Nov 10, 2012 / 6:42 am
Daniel Lafontaine's accounts of life in war-torn Bosnia send chills down the spines of his listeners.
His first-hand account of life as a hostage reminds his audience of the perils that soldiers must face in a combat zone, while his descriptions of city streets piled high with corpses paint a devastating mental picture of what havoc a battle can cause.
Lafontaine has spent the past nine months sharing stories of wartime horror with students near his home town of Quebec City.
His words may help future generations remember the devastating effects of war, but they also help him to forget.
Lafontaine, 47, has found that sharing his experiences has been a crucial part of his recovery from post-traumatic stress disorder.
"You always keep it in silence inside of you. Now I'm able to liberate all the bad things that I had in the back of my mind," the retired sergeant said in a telephone interview. "I can't control it, but I can accept the problems I have now."
Confronting those emotions was a long and nearly deadly process for Lafontaine, who said he showed no symptoms until years after he left the army in 2003.
When he began experiencing irritability, aggression and anger, he never attributed his shifting moods to the traumas he witnessed during his two tours of duty in Bosnia.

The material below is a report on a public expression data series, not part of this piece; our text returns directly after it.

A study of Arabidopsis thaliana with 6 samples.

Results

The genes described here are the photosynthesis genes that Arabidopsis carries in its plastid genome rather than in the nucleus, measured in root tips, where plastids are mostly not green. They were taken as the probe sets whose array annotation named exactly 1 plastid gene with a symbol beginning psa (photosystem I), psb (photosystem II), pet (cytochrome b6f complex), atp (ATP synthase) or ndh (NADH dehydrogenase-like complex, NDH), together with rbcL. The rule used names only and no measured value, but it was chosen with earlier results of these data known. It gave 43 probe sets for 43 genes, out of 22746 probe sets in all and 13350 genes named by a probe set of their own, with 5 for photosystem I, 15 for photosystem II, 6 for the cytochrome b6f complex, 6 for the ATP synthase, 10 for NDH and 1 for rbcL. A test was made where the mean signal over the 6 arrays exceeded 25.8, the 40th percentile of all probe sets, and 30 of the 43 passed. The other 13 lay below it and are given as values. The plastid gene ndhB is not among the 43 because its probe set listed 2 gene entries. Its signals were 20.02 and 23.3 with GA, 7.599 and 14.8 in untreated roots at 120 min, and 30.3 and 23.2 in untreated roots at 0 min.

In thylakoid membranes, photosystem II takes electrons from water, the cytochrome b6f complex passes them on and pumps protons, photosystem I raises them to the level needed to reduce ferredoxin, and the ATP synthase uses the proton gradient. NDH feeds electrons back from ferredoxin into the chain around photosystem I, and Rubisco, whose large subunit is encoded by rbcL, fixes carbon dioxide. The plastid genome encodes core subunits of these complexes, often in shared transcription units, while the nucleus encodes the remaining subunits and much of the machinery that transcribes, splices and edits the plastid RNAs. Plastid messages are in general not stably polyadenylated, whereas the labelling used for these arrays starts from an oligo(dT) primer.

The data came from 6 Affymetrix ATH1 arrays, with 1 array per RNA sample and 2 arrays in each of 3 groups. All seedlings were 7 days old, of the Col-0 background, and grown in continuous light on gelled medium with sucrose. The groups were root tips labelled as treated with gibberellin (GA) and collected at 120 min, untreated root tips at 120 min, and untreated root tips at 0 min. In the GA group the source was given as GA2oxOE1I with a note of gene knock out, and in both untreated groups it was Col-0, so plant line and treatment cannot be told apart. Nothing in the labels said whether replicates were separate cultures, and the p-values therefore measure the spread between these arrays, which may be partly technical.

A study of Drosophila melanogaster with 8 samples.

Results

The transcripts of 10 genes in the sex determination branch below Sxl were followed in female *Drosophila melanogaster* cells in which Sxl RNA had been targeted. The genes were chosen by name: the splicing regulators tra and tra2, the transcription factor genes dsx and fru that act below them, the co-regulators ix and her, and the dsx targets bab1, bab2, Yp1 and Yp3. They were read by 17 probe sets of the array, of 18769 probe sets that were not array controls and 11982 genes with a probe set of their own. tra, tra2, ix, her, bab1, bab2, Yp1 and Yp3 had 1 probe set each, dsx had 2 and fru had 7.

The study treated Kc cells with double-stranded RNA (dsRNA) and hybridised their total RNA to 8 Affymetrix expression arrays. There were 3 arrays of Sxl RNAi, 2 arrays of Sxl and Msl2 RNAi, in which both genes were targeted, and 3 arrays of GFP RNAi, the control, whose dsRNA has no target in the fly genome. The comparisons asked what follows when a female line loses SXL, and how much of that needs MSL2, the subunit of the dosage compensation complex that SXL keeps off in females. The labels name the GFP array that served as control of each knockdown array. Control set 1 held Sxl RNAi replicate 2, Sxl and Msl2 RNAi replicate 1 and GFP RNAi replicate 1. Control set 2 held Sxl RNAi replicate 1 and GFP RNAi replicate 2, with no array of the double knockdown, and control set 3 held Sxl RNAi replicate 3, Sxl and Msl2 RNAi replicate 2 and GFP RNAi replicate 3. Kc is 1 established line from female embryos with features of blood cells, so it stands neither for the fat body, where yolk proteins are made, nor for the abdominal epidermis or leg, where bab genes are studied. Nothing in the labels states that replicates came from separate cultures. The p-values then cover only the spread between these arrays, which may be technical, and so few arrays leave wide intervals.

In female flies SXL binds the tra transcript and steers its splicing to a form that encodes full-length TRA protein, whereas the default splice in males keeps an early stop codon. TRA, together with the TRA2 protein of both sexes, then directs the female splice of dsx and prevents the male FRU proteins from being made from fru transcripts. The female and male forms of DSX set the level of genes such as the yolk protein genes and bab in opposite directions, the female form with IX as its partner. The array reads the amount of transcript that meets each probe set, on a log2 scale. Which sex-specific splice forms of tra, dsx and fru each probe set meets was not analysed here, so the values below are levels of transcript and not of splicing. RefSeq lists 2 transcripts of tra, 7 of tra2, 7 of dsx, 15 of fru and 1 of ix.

Only after a suicide attempt in 2009 did Lafontaine begin receiving help for PTSD and other anxiety disorders. He soon found sharing memories with his psychiatric team was not enough, he said, adding he felt it was important to ensure others learned of the sacrifices made by soldiers every day.
The fact that Lafontaine finds his public speeches healing comes as no surprise to Katy Kamkar of the psychological trauma unit of Toronto's Centre for Addiction and Mental Health.
Sharing stories with a sympathetic, captive audience is an extension of the sort of treatments PTSD sufferers undergo in individual therapy, she said.
Victims often start treatment by avoiding potentially difficult subjects, only to find their reserve crumbles as psychologists urge them to discuss their trauma in detail.
Veterans who voluntarily take that step in front of a group of strangers, Kamkar said, have successfully navigated a crucial turning point.
"We always encourage conversation to reduce avoidance," she said. "The fact that yes, they have gone one step forward and are talking about it, definitely is very beneficial."
Remembrance lectures have the added benefit of great personal significance to former soldiers, she said, adding PTSD patients who involve themselves in a meaningful cause also improve their odds of recovery.